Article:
The Politics of Personal Destruction

Portrait of Lou Henry Hoover, 1928.

The eminent Hoover biographer, George Nash, describes Charles Michelson as “the Democratic Party’s chief publicist and spin-meister,” who, during the Hoover Administration, “orchestrated an unremitting barrage of disparagement of Hoover’s shortcomings: a foretaste of what later generations would call “the politics of personal destruction.” Michelson’s job was an unrelenting flow of criticism, often as ghostwritten editorials, speeches for others, attacking Hoover and his policies. His own memoir of these activities was aptly titled, The Ghost Talks.

Contained among Lou Henry Hoover’s papers is an undated memorandum describing a social gathering she attended without her spouse where she encountered Charles Michelson. A fierce defender of her husband and his policies, Lou felt much of the criticism directed at him more deeply than Herbert Hoover. It was at this gathering that Lou accidentally encountered her husband’s most vocal critic, afterward she wrote:

“There was a party the other night. A large party, in a large house, so that the guests moved about uncrowded, unhurried.

“It was not a party where guests sat down to eat, at table with one another. A lovely, gracious lady was there, from a distant city. But well known, she was the wife of a man who had been shamefully, brutally injured by another man some years before. Her husband was not with her. However, the other man was in the gathering and much whispering buzzed about, that any hostess should be so crass as to ask those two under her roof at the same time.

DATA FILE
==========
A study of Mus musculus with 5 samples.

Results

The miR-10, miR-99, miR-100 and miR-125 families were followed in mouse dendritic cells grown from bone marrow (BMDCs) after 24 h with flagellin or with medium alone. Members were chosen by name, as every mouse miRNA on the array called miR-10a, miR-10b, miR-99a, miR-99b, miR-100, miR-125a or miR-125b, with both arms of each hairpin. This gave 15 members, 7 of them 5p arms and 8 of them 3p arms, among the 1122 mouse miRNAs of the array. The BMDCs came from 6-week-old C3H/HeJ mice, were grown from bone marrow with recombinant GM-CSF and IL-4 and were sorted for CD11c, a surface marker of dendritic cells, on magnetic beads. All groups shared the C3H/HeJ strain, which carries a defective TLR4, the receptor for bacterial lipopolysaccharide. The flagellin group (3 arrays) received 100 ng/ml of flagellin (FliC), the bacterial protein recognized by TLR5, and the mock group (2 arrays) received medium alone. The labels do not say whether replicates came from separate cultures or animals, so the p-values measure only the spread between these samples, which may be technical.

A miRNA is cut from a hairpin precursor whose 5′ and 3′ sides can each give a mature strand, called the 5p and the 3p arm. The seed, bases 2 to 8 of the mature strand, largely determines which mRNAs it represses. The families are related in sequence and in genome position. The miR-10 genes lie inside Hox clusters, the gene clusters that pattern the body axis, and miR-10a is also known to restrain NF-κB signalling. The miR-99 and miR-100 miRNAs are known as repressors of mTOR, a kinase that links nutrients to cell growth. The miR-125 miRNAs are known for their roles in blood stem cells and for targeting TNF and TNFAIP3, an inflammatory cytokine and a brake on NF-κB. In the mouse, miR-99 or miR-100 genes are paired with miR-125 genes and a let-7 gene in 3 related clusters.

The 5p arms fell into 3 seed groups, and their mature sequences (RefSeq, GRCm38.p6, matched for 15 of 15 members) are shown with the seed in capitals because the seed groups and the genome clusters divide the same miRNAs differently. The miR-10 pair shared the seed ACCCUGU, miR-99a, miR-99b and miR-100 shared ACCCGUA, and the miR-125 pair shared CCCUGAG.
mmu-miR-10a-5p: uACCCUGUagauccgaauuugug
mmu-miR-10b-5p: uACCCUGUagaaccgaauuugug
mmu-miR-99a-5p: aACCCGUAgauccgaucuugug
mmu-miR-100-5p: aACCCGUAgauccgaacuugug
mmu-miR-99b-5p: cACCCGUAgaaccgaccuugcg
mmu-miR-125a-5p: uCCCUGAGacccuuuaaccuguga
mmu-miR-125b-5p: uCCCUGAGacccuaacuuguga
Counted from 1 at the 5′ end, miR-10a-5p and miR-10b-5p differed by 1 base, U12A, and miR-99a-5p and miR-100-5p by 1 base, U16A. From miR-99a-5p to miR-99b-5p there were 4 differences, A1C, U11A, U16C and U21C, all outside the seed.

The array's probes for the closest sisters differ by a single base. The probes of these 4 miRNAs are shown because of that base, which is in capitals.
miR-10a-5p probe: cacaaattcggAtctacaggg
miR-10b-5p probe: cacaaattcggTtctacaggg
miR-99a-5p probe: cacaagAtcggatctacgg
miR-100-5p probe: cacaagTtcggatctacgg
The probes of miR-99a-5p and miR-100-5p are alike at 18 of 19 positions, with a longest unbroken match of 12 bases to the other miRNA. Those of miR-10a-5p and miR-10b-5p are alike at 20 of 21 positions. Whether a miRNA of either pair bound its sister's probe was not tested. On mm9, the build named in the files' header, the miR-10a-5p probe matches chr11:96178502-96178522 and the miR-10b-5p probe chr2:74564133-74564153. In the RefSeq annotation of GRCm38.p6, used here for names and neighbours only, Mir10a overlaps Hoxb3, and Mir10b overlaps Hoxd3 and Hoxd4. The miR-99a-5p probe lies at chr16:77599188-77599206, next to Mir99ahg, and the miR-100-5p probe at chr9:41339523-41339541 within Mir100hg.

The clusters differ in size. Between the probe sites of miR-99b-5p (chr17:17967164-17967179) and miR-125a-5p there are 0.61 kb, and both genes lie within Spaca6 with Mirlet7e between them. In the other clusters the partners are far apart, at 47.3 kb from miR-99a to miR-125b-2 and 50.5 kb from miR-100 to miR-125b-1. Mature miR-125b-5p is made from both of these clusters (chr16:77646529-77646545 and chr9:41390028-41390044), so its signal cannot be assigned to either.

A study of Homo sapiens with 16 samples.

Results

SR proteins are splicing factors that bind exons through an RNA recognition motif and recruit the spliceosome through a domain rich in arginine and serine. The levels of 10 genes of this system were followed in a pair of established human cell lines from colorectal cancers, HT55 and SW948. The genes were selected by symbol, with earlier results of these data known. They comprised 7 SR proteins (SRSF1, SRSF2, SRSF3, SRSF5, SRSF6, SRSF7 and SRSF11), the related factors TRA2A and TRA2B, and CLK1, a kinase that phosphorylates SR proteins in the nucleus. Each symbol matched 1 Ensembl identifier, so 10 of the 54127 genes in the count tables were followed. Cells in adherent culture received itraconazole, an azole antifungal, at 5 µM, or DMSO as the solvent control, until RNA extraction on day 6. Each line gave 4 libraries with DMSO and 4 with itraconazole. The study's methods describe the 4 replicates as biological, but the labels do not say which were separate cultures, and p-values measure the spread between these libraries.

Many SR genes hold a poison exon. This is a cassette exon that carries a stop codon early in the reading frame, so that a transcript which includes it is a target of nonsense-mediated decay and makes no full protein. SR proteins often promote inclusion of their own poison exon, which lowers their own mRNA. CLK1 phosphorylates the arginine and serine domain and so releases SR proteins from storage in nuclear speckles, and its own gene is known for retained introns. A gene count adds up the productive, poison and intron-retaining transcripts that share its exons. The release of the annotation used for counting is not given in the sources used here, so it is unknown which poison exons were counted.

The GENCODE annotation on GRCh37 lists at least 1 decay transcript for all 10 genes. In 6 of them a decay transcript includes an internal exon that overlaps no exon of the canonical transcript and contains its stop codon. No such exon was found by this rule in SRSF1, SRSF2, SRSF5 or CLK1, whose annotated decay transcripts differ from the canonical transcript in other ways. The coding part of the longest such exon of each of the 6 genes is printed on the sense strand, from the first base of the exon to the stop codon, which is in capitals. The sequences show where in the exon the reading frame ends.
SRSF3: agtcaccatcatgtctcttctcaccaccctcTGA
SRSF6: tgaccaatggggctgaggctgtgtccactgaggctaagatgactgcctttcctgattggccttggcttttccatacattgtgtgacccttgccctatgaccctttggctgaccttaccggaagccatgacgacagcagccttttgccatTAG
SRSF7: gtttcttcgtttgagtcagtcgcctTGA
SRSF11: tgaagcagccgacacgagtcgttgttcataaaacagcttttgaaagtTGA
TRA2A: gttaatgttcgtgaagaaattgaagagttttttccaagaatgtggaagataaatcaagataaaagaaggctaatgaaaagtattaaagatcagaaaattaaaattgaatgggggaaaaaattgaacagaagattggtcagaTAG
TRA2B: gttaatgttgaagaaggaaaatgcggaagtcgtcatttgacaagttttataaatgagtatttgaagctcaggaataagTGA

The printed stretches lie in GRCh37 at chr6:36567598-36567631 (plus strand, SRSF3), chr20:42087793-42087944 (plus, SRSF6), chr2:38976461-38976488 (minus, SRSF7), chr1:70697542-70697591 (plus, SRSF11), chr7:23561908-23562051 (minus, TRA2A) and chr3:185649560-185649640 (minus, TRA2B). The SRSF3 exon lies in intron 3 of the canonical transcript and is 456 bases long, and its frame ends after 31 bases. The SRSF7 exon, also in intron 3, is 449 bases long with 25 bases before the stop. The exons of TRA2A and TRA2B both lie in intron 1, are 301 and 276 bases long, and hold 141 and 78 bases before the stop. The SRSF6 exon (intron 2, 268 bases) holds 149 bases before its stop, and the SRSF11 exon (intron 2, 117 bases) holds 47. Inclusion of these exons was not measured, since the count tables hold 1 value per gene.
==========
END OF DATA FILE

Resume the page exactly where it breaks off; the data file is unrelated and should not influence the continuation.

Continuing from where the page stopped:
“But no one told them of each other, until they stood at right angles, some four or five feet apart, and then turning slowly, as tho’ Fate pulled the strings, they faced.

“The woman with her was not equal to the situation, but hesitating, flustered, flushing, she murmured the two names, as tho’ introducing them, or recalling slight acquaintances to each other,

“The room paused, electrified. The man was struck speechless, motionless. The lady poised, as it were, in her slow flight across the room. She showed no sign of greeting. She did not put out her hand with the smile of welcome or of interest that had met friend and acquaintance in the past minutes. But she did not move on. She simple stood erect, assured, unperturbed, but with her stead eyes not leaving his face. Forehead, eyes, nose, mouth, jay, she scanned. Slowly she repeated his name, in full, pronouncing every syllable. He was turned to stone, hypnotized. In a second she proceeded, with well-spaced, even tones, clam, low, but carrying to every corner of the room.

“I have long wanted to see you,” she said unhurried, still studying his countenance, with the slightest accent on the ‘see.’ Then after an appreciable pause, but before the gasp of conversation could be resumed in the room, ‘I have wanted to know what your face was like. I have wanted to know what your face could be like.’ For a long moment she continued then deliberately, she turned toward her companion and moved along the direction of their earlier course. She gave no sign of farewell or dismissal to the man. She took her glance from that face as coolly as tho’ she had been contemplating an unpleasantly interesting ugly marble bust. But she left upon it a hand of humiliation that cannot be entirely erased in the remains of a life time.

“It was that most utterly ruthless encounter that could have been staged. But it was spontaneous, unexpected, -one might say gracious.

“Before they had withdrawn beyond ear shot if quite all in that room they were approaching the door to the exit, she said casually, but distinctly, to her still stunned companion, “I am sorry to have had to do that in the home of my hostess. But she should not have asked me here at the same time as the man whom everyone knows stabbed my husband, and [me] in the back.”